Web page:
Saturday, 30 May 2009

Hail to the Hop


Hops are a most essential part of beer and German brewers in particular are keen to ensure that only the finest hops of their required variety are used. Unfortunately, a giant hail and wind storm hit both the Tettnang and Hallertau crop last week, devastating according to some reports, around 25% of the new growth in the Bodensee area. In some instances hop bines were completely stripped of their leaves and shoots. In the worst cases only the wire remains.

It is unlikely that hop crops will reach long-term averages for the Hallertau and Tettnang after the damaging storm. The total effect to the German crop could be a loss of 15% or close to 5000 metric tons. Nonetheless, hop merchant John I Haas is reporting that they do not predict another hop shortage for crop 2009 at this point.

I recall similar bad weather at the end of May a few years ago when I was in Munich. I'm keeping clear of Bavaria during that time.

14 comments:

Woolpack Dave said...

"...do not predict another hop shortage..."

We'll see. Hops are still expensive from my perspective. If there is a plentiful supply why are they so expensive?

I was told 2 years ago that the main reason for the sudden increase in hop prices was due to a poor harvest. The price has not drop much since then.

Ed said...

I'm sure prices will fall. Economics isn't my strong point but the high prices are leading to more acreage being planted so they'll get to over abundance at some point.

Philip said...

Did someone mention economics? I would anticipate that a reduction in the supply of hops would lead to an increase in price (according to marginal utility theory). However, if the price of the product (the German beer we import into the UK) is increases significantly then far fewer units of that beer shall be sold in the UK until it is price inelastic (which it isn't). Another option, to keep the price low, would be to reduce of costs of production (usually labour) which results in job losses. Another but more unrealistic option would be a reduction of shareholder dividends.

Erlangernick said...

My favourite Franconian brewer of hoppy Kellerbier told me that the hop prices supposedly rose --SUPPOSEDLY-- (his emphasis) because of increasing demand in China and Russia, and the relatively long time it takes to increase acreage in response. Sounds plausible to me though, at least for the German hop varieties: those Russians and Chinese are more likely to brew Germanic lagers than Ænglo ales.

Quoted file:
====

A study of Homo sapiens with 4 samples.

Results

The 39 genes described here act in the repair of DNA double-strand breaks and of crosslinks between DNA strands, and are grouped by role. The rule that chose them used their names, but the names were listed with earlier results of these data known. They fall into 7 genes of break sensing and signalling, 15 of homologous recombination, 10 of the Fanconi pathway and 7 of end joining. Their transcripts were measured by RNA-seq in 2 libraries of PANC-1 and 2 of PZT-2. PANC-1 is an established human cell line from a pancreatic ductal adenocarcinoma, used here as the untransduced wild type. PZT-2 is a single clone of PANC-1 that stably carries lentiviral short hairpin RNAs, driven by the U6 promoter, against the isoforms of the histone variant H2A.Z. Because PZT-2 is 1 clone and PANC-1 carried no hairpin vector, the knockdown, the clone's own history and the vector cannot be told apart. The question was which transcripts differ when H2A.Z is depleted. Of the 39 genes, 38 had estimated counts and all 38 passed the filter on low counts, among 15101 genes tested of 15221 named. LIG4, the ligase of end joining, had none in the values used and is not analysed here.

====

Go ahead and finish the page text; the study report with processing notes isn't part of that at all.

FWIW, he's my single favourite brewer now, since my other two favourite hoppy Kellerbier brewers have cut back on hops. One, specifically, did so in response to customers' complaints that the beer was "zu herb" -- too dry and/or bitter. (Br. Griess in Geisfeld SE of Bamberg)

Idjits.

The other is Löwenbräu in Buttenheim, next door to the too-big-for-its-britches St. Georgen Bräu. I've not heard why he's cut back, but it ain't the same beer it was in 2007. The diacytel shines through now, as well as a bit of DMS now and again; both of which might have been there previously, but would've been masked by the big hoppiness.

Bailey said...

Erlangermick -- that 'zu herb' stuff is really interesting. Can't they just get used to it? And do you reckon it'll get changed back if you complain it's, er, zu boring?

Joel said...

You're zu right, bailey!

wittenden said...

Don't know much about German (or any international) hop growing, but my neighbour here in Kent has just planted up 8 acres of high wire Admiral hops (I think-any way they're destined for the real ale market).Can't be bad.

Steve Hebblethwaite said...

Hop growing is a great deal of hard work and capital investment through the year coupled with highly variable yields for the farmer, but the UK has a great heritage of growing. Growers have received deflated prices for a number of years, and I hope a reasonable price will help to halt the ammount of hop fields grubbed up, and indeed even lead to an increase in acerage and planting of new varieties at the and a more healthy hop market in the UK.

Erlangernick said...

Bailey: I've only been drinking these beers since about 2005, so I can't really say if the former hoppy & bitter recipes were long-held tradition or not. I would assume so, though, since Kellerbier has a reputation for being "herb".

I should endeavour to find out more. "Should" does not necessarily mean that I actually will though.

And I'm a foreigner, so I have a hard time imagining that they'd take my complaint too seriously.

Another hoppy beer I've just discovered is Doppelhopfen Premium Pils (no translation necessary!) from a little brewery way up in the NE corner of Franken. The brewery's been around a while--since 1353 (though the actual site may have changed over the centuries, according to the website).

http://fattigau.de/geschichte/geschichte.htm reveals a photo of open primary fermenters. That's nice.

The drinks shop guy described it as "unusually herb for Franconian tastes" when I bought some the other day. (Not terribly cheap, at 13 € / 20 x 50cl!) He wasn't surprised when I told him what I'd learned about the Griess having been dumbed down, either.

"Die Franken mögen ihr Bier eher süffig als herb." They like their beer smooth rather than dry.

Gazza Prescott said...

Trouble is, these days, most German brewers use hop extract rather than whole hops either partly or, tellingly, in whole.

That's why German beer is going down the tubes IMO and they still get to call it "rheinheitsgebot pure"... what a joke.

Tandleman said...

It's only one of many reasons imo.

Paul Bailey said...

Hope the weather has improved by the tine I visit Bavaria in August!